This is the older version of OneWebDay, we have it up for archive purposes only. You can view the latest version of our site at


September 24th, 2008 · No Comments

Vint Cerf posted the following blogworthy comment on another post:

Congratulations to celebrants of OneWebDay! Depending on how you count, Internet has been around operationally since at least January 1983 and for Bob Kahn since early 1973 and for me a bit later when he asked me to help figure out what open networking might look like. September is a significant month for the Internet. The first paper on the idea was presented in September 1973 at the University of Sussex and a more refined version published in May 1974. Thanks to the invention of the WWW, the net has become a major nexus for about 20% of the world’s population.

Susan Crawford asked for anecdotes. Here’s mine.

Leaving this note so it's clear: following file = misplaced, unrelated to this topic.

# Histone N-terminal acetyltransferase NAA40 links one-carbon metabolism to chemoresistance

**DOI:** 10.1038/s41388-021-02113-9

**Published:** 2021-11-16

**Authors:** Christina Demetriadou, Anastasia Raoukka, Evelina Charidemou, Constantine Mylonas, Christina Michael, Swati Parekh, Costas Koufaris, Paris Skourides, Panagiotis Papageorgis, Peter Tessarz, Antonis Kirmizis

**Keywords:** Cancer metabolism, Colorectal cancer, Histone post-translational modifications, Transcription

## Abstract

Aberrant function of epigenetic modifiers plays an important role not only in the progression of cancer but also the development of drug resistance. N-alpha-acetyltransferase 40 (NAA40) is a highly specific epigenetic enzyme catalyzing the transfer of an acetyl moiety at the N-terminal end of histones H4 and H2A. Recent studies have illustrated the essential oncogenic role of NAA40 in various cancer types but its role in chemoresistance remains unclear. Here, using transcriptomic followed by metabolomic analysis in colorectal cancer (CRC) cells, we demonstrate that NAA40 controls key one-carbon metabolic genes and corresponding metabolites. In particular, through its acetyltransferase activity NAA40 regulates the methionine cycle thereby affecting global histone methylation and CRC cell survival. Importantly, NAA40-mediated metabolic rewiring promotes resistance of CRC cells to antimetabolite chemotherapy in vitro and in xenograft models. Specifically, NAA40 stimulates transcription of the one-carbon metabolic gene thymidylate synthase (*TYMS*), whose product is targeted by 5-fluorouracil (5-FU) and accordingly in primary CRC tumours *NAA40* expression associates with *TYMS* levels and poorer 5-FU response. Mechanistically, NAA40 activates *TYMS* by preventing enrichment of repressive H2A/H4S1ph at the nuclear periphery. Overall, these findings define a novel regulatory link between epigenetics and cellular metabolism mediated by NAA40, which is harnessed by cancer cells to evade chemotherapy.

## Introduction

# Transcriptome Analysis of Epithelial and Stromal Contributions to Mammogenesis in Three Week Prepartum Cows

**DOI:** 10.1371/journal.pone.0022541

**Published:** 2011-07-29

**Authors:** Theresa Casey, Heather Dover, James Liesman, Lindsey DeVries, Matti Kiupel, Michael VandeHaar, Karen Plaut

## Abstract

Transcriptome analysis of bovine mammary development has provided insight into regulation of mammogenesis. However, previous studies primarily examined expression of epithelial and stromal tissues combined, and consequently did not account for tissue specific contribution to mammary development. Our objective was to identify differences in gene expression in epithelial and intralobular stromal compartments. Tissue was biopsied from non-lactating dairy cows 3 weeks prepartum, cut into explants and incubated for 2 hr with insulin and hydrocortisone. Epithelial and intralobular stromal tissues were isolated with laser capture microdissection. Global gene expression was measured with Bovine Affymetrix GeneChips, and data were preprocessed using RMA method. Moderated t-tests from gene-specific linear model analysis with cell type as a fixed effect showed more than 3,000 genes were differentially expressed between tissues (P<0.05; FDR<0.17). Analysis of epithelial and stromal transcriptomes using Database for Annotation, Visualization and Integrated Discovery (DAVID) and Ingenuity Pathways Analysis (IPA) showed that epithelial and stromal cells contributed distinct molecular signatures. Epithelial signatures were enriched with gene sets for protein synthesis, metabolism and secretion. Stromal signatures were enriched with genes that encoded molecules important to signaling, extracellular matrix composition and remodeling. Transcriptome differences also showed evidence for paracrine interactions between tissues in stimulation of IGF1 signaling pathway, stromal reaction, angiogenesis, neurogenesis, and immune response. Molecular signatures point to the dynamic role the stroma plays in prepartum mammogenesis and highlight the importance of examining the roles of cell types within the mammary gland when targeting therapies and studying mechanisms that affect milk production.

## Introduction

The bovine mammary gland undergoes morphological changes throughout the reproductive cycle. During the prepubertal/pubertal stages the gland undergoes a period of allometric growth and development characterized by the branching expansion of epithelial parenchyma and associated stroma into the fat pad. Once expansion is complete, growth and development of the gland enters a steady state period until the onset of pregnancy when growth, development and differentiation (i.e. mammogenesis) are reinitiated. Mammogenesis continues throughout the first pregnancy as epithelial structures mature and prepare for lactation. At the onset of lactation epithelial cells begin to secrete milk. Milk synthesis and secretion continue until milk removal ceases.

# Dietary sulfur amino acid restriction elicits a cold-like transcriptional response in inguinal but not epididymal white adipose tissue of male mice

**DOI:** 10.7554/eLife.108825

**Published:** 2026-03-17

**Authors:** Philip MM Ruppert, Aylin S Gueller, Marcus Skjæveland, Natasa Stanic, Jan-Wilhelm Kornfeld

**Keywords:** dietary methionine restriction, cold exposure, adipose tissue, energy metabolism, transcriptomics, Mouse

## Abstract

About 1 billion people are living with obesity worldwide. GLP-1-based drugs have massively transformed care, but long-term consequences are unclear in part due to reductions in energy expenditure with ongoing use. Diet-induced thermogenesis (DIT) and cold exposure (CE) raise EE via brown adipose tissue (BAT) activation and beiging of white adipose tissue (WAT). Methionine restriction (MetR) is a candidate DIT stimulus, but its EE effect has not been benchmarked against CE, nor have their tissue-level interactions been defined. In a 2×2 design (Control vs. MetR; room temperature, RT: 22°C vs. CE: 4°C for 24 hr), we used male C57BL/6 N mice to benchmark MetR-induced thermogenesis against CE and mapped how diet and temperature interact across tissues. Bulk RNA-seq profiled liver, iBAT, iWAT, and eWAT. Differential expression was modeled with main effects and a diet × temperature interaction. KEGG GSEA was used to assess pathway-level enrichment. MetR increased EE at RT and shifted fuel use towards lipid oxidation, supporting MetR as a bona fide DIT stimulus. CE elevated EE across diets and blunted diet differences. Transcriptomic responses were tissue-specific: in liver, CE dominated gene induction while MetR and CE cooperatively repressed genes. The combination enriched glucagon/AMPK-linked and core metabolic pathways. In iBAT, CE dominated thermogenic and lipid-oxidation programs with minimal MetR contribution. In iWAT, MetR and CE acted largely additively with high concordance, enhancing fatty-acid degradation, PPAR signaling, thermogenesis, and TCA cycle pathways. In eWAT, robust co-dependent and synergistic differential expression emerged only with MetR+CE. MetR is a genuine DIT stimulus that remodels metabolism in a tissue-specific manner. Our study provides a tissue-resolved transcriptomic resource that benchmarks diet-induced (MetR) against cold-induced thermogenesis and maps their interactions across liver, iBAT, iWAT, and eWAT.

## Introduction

Last year, my wife and I went on a brief vacation that included houseboating on Lake Powell near Page, Arizona. As we approached Page, we and our friends began to discuss what meals we should plan while on the lake. Since there are no grocery stores on the lake, we needed to purchase all the food we would need before departing from the marina. Someone asked if we could make paella. I love paella but I thought “Gee, that needs saffron. Where are we going to find saffron in Page, Arizona?” So I hauled out my trusty BlackBerry and found I had a good GPRS signal so went to the Google home page and typed in “saffron, page arizona, grocery store.” Several choices came up so I picked one and called the telephone number. A voice answered and I asked “May I speak to the spice department please?” This was probably the owner on the line, “This is the spice department,” he said.  ”Do you have any saffron?” I asked. “I dunno but I’ll check” he replied and soon came back to confirm that he had the spice on the shelf. We followed the map on the web page to the store and I dashed in to purchase $12.99 worth of saffron (.06 ounces). What struck me later was that this was a perfect example of the value of geographically indexed information. In real time, my browser on my mobile was my window into knowledge about the local area. I got information when I needed it about what I needed. It reinforced my appreciation for being able to get useful information as required. Someone had take the trouble to share this information and I took advantage of it. So it goes as the world shares its knowledge and the search companies help us all to find it.